House Rule


Post by Renny on 13th July 2010, 21:24

While thinking about pulp games, i've remembered a source of dissatisfaction last time around, namely our mighty pulp heroes being unable to knock anyone down. So i was thinking of a house rule, namely that in hand to hand combat if a Wild Card hits an extra and his Strength score is higher than the extra, the extra is incapacitated i.e. knocked out automatically regadless of toughness. If Strength score is equal or lower then the combat proceeds as normal. Anyone have any thoughts on this?


Post by kevinrolfe on 13th July 2010, 23:15

Yes i would say 99% of the time that would be good. Indigo Jones would be able to fight his way through a market place to excape with his fists flying.

But as the fight with Fritz on the island proved, every now and then from Mooks a Hero is born.


Post by Renny on 14th July 2010, 01:29

Well, I guess a bit of common sense is needed but i'm just tired of Brock Tanner (as an example) being so ineffective against mooks. You could, as a GM, make a Vigor roll for the Mook in dramatically appropriate circumstances to give him a chance of shrugging off the blow. That might work. Thoughts?


Post by kevinrolfe on 14th July 2010, 05:11

yes something like that would work. i guess if we have a simple knock-em down rule with a "special circumstance" rule (a secret die roll). it would then allow deus ex machina to cover Mooks for a purpose! maybe


Post by Great Teufel on 14th July 2010, 18:27

Blast I did a longish post on this and it seem to have gone AWOL.

Basically the jist was this. Things don't always go the heroes way, taking as example Indi, he would often be at the end of a some bad luck or other. For instance the fight with good ole Pat Roach at the plane. Was that meant to be a quick encounter with a no name nazi mook that simply got out of hand with some 'bad' dice rolls, or was the Bald Mechanic actually a Wild Card character and the whole fight a centerpiece event of the session?

There is also no accounting for plain bad luck - that what you get from playing with dice. The skill is taking those random events and turning them into story by creative players and GMs. Personally that whole fight with 'super-nazi' was a blast, really cinematic, bloody funny and I suspect long remembered. That whole thing might have been probably been lost using the above house rule.

Not that I have anything against this rule BTW, bad dice roll are frustrating, but I might suggest that there are other fixes available that don't change the rules.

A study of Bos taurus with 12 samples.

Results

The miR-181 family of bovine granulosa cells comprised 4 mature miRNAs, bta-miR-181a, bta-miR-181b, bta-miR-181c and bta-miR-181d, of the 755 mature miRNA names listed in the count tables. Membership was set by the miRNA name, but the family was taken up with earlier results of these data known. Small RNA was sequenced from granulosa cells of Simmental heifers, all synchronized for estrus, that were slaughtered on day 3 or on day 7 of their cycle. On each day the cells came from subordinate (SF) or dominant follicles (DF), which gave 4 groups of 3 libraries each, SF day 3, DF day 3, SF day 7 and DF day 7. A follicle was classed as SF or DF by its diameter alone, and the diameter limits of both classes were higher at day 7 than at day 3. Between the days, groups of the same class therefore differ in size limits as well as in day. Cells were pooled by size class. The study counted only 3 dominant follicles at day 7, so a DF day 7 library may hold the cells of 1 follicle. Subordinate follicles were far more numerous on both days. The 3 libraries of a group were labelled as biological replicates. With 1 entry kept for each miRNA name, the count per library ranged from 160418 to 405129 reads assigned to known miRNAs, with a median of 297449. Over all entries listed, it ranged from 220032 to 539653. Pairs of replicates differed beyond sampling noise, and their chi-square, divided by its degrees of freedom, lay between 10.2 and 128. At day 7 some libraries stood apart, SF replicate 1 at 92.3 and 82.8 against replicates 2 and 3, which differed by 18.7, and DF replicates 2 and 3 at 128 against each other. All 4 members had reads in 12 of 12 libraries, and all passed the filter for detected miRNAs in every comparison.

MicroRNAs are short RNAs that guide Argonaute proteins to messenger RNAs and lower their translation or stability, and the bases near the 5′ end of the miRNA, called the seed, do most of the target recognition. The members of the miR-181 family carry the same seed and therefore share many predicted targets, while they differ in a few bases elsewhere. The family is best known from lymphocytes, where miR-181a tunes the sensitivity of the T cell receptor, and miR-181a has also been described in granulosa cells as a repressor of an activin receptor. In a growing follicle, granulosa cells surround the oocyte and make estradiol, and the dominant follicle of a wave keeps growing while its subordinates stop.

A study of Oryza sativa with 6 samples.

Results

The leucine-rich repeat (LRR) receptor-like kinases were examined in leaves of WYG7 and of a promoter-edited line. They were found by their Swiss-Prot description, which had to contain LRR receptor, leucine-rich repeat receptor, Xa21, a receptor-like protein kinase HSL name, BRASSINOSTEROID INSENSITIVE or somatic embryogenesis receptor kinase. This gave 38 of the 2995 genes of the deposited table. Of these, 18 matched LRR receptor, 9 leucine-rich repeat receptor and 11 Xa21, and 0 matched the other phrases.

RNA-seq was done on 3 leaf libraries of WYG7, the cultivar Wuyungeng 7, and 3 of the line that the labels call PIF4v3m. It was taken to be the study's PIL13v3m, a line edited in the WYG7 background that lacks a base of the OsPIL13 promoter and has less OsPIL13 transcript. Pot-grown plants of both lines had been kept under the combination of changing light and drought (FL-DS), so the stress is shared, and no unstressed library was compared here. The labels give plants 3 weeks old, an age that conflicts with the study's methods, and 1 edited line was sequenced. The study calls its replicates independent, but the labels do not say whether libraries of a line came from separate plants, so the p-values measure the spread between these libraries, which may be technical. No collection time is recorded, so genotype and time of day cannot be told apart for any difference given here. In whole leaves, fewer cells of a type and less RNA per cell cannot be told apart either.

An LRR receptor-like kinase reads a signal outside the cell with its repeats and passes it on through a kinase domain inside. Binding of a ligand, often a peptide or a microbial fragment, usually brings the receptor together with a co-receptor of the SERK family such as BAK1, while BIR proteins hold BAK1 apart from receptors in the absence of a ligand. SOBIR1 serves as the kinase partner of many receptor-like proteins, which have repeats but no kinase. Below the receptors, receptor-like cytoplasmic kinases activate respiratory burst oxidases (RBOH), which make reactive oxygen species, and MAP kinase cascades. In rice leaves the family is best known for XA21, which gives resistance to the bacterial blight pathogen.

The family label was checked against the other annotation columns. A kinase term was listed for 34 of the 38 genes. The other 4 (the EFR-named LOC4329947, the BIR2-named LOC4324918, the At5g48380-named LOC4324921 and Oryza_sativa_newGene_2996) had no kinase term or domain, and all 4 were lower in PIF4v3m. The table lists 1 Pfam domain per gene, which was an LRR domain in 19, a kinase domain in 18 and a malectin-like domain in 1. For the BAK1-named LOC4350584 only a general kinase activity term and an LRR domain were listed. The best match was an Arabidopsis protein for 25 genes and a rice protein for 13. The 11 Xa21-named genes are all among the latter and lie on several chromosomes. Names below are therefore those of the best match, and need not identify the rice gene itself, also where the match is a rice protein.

1) If you want more powerful and capable characters make them more experienced to begin with.

2) Don't be stingy with the bennies. These are the life blood of the PCs and are the equaliser to much of the bad luck that occurs. These really control how heroic the players are and are totally in the hands of the GM. If he wants to heroes to struggle a bit, hold them back, if not, dish them out.


Post by Renny on 14th July 2010, 19:08

All good points. I suspect I will hold the house rule in reserve and see how things go during the first session. What I also need to do as a GM is encourage players to use tricks and so on rather than just to trade blow for blow. Thanks for your input. The Bennies point is especially something I will need to remember.


Post by Great Teufel on 14th July 2010, 22:44

Renny wrote:What I also need to do as a GM is encourage players to use tricks and so on rather than just to trade blow for blow.
Well how about

a) have fights take place in interesting environments; with enough detail to spark the imagination while at the same time not being too comprehensive as to slow down play with lengthy explanations and lock every detail down. I've always thought taking a page from video game level design, where you create interesting enviroments to have encounters in rather than the 10'x10' room.

b) do it to the players first. Have the NPCs use various tricks and such against the PC both to encourage the players (and beat them up some more).


Post by Great Teufel on 14th July 2010, 22:53

Not sure if I have already posted this, but I have thought that the stunts system from Dragon Age would work well with Savage Worlds.

Basically you have a list of various stunts (see DA for examples of what I mean) and instead of costing Stunt Points you pay for them in Raises. So each raise above the required to hit roll can be used to buy a stunt. At the moment you only get +1d6 extra damage with a rais on your to hit roll. In this system this would translate to a stunt as follows:-

Telling Blow (cost 1 raise): +1d6 extra damage.

Other stunt may cost 1, 2 or even 3 raises and do various cinematic things.